Saturday, July 15, 2006

Two Tiered Housing

Almost every article written lately, looks at the housing market inventory problem, as if it was grouped all together. Lets separate it into two different groups; newly built contractor housing and consumer owned housing.

Forget about the cost of the house, and reflect, upon the idea that contractors have been building houses and making a living at it for centuries.

Our house was built by a contractor in 1994 for $191,000 2,400 sq ft. The contractor made a profit. The same house built up the street this year by a contractor sold for about $650,000 and the contractor again made a profit. The only difference between then and now, is that there are more contractors building houses.

Notice, as the used housing market appreciates, the builders inventory also appreciates with no real investment. Figure the return on investment between 15% on up to 50% for the contractor (no real figures here, a rate of 15% is better than giving it to a bank, and a return of 50% or better would explain the sudden increase in building contractors.) I've been in two limited partnerships that returned 50% on condo construction.

Look at the homeowner that gets ready to sell. In a rising market, no problem. In a dropping market, there is realtor fees and competition from newly built houses. The owners selling price is set in stone. His whole future can depend on the outcome of the sale of the house.

Contrast this with a machine that is invested with money that spits out houses, and returns a tidy profit.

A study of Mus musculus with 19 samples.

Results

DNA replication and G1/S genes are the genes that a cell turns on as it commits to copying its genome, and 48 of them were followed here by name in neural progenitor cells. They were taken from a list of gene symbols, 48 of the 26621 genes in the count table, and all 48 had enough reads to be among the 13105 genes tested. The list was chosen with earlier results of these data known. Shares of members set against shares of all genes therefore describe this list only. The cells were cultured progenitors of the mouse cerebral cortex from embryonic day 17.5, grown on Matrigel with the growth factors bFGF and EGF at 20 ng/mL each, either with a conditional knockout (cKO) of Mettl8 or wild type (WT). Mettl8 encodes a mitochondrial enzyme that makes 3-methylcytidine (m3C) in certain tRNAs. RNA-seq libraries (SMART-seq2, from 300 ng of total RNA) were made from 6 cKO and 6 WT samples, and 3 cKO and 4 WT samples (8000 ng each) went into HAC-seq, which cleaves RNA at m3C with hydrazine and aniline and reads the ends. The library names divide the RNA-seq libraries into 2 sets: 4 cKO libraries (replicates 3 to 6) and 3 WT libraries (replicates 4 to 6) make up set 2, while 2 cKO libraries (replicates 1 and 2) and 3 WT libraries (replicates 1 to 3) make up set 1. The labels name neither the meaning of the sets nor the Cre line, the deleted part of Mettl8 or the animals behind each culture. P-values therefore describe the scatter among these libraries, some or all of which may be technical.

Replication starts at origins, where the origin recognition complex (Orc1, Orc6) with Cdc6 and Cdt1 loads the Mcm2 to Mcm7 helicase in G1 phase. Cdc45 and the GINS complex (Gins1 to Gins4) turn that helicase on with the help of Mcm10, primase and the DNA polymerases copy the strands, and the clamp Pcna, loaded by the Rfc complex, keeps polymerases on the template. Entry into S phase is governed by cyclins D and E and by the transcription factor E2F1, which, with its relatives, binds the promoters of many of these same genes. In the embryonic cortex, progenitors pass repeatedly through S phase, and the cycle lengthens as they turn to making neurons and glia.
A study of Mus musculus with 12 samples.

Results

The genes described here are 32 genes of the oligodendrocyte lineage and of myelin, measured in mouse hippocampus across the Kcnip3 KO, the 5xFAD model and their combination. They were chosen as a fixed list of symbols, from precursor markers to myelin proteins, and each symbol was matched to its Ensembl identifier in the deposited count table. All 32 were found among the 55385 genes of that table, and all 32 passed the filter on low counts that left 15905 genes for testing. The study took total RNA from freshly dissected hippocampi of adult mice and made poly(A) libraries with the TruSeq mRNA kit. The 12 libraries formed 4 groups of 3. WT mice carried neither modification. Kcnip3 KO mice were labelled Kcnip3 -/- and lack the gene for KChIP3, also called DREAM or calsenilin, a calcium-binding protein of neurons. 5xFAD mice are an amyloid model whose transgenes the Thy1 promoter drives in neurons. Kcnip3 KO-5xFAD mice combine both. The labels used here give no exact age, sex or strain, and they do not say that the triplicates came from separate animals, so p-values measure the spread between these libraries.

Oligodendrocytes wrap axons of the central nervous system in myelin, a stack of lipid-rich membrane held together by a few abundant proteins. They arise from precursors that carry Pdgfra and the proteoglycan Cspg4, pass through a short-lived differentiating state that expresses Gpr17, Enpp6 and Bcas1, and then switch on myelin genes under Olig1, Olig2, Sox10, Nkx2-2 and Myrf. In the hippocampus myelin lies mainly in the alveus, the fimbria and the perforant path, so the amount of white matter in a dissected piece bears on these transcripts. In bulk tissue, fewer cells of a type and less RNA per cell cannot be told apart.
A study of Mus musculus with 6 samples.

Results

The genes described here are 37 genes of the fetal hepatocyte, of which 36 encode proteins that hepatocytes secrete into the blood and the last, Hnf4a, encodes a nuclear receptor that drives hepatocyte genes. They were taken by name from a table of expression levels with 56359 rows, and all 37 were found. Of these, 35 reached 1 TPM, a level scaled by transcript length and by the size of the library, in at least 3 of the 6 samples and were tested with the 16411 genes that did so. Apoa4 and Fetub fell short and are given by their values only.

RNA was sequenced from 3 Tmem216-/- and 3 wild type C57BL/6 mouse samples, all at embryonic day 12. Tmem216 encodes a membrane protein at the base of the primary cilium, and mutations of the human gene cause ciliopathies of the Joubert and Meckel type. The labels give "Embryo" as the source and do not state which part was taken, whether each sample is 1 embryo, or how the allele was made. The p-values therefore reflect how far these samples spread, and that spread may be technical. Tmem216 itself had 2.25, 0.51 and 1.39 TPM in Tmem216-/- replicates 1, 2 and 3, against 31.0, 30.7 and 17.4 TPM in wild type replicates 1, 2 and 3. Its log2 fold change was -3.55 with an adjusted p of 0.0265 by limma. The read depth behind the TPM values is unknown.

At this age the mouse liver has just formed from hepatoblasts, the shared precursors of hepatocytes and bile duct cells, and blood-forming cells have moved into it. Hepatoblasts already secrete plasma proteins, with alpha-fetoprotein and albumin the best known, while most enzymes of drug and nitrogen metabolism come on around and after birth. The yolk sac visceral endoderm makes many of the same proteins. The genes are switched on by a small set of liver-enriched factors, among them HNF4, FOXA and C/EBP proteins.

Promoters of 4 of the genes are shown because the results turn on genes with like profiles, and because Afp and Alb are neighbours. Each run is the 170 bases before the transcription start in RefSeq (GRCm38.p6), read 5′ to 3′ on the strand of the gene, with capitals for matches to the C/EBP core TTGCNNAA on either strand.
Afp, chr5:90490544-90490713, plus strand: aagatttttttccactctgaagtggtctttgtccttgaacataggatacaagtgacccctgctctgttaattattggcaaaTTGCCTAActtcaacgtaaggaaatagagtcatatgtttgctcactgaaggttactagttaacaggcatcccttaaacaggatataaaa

The contractor can probably take $150,000 loss in San Marco's on each piece of inventory and still break even and continue on in the world of house building or he could go broke (the investors would take it in the shorts).

As long as the homeowners hold out for a better price, the contractor does not have to mark his inventory lower to move it. At the same time, while looking for raw land to develop, he can demand and get lower land acquisition prices per parcel for new construction.

At this point the contractor is making money at the homeowners expense. More used inventory accumulates.

Now lets look at two different markets. Denver Colorado and San Marcos California. In San Marcos, the housing prices have tripled. In Denver, they have done nothing. Both areas show an oversupply of used housing on the market. Here is where the hair begins to stand up on you neck. This machine that makes houses and the financial institutions that feed it, have created something that is destined to fail in the near future. We are producing housing capacity that is not needed, but it is still very profitable to produce. This is the truest definition of "miss-allocation of resources," AKA "A Bubble." A basic ingredient of any "mind expanding, wallet reducing" recession or depression.

Something will stop this cycle, but at the present, its not clear what its going to be. Stock markets world wide seem to be pointed for a downward plunge. This could lead to a credit contraction that could bring the home construction industry to a halt.